Australian Government announces National Battery Strategy

Rendered image of a battery storage project (AMP bungama)
Image: Shutterstock

The Australian Government has announced its National Battery Strategy, designed to improve grid resilience and security and drive economic growth by expanding Australia’s battery manufacturing and building capabilities.

Minister for Industry and Science The Hon. Ed Husic said, “The global demand for batteries is set to quadruple by 2030 as the world transitions to net zero. Australia is already a leading producer of battery minerals, providing approximately 45% of the world’s lithium in 2023. While we mine critical minerals here, we currently make less than 1% of global battery materials or components.


The National Battery Strategy aims to see Australia become a globally competitive producer of batteries and battery materials by 2035, providing secure and resilient battery supply chains, delivering affordable and secure energy for Australians, boosting productivity and creating wealth and opportunity while being part of the global energy transition.

Five key priorities under the strategy include:

  • Building battery manufacturing capabilities in ways that strengthen economic resilience, leverage Australia’s comparative advantages and add value to our economy.
  • Building knowledge and skills to create secure Australian-made jobs.
  • Securing Australia’s place in global battery supply chains.
  • Leading the world on sustainability, standards and the circular economy.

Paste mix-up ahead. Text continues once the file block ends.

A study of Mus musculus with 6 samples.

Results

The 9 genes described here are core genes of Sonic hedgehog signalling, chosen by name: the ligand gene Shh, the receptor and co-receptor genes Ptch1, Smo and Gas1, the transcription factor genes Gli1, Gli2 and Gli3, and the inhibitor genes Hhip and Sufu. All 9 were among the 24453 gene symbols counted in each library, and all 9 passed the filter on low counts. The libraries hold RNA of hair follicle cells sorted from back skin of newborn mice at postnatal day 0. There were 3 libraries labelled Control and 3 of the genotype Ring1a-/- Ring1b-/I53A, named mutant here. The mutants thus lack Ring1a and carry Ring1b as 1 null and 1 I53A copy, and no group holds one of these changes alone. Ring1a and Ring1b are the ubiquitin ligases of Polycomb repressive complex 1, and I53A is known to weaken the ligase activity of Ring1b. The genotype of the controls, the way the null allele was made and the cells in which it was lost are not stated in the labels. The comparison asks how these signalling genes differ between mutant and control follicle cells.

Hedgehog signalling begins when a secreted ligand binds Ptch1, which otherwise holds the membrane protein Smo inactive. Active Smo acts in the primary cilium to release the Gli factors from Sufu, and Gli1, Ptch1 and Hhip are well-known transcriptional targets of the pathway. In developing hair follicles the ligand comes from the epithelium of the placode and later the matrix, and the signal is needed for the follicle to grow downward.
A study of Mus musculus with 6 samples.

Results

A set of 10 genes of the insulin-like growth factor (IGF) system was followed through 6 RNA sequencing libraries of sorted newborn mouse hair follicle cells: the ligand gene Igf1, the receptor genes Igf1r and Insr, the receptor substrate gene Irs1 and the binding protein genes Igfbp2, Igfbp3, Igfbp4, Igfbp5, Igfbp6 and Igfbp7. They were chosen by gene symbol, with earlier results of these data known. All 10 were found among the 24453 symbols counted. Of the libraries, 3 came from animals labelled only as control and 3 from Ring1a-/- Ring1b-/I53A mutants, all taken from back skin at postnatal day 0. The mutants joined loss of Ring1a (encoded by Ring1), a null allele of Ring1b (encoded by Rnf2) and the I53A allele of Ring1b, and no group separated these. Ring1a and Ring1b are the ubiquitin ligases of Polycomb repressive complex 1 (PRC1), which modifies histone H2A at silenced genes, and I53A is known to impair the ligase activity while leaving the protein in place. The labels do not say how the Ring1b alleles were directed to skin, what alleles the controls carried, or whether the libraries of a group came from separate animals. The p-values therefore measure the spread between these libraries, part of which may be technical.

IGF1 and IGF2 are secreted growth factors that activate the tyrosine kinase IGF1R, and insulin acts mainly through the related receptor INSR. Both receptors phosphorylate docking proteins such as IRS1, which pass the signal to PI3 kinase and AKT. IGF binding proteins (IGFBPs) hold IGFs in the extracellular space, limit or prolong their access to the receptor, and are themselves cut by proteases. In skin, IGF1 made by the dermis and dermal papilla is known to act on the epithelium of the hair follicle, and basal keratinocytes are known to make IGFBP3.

• Bringing all levels of government together.

2024-25 Federal Budget funding

Funding of $523.2 million will incentivise the production of high-value battery products in Australia’s areas of advantage, such as stationary energy storage, to strengthen economic resilience and support critical battery manufacturing capabilities.

$20.3 million will help build future battery capabilities and strengthen national collaboration, including $9.9 million to the Future Battery Industries Cooperative Research Centre (FBICRC) to map Australian battery capability and value chains, drive battery innovation and scale-up and deliver best practice guidelines and standards for the battery industry. $10 million will go to the Powering Australia Industry Growth Centre (PAIGC) to develop workforce skills and training to enable a safe and sustainable battery industry.


The Future Made in Australia Innovation Fund will see $1.7 billion boost the deployment of innovation in priority industries, which includes clean energy technologies such as batteries manufacturing.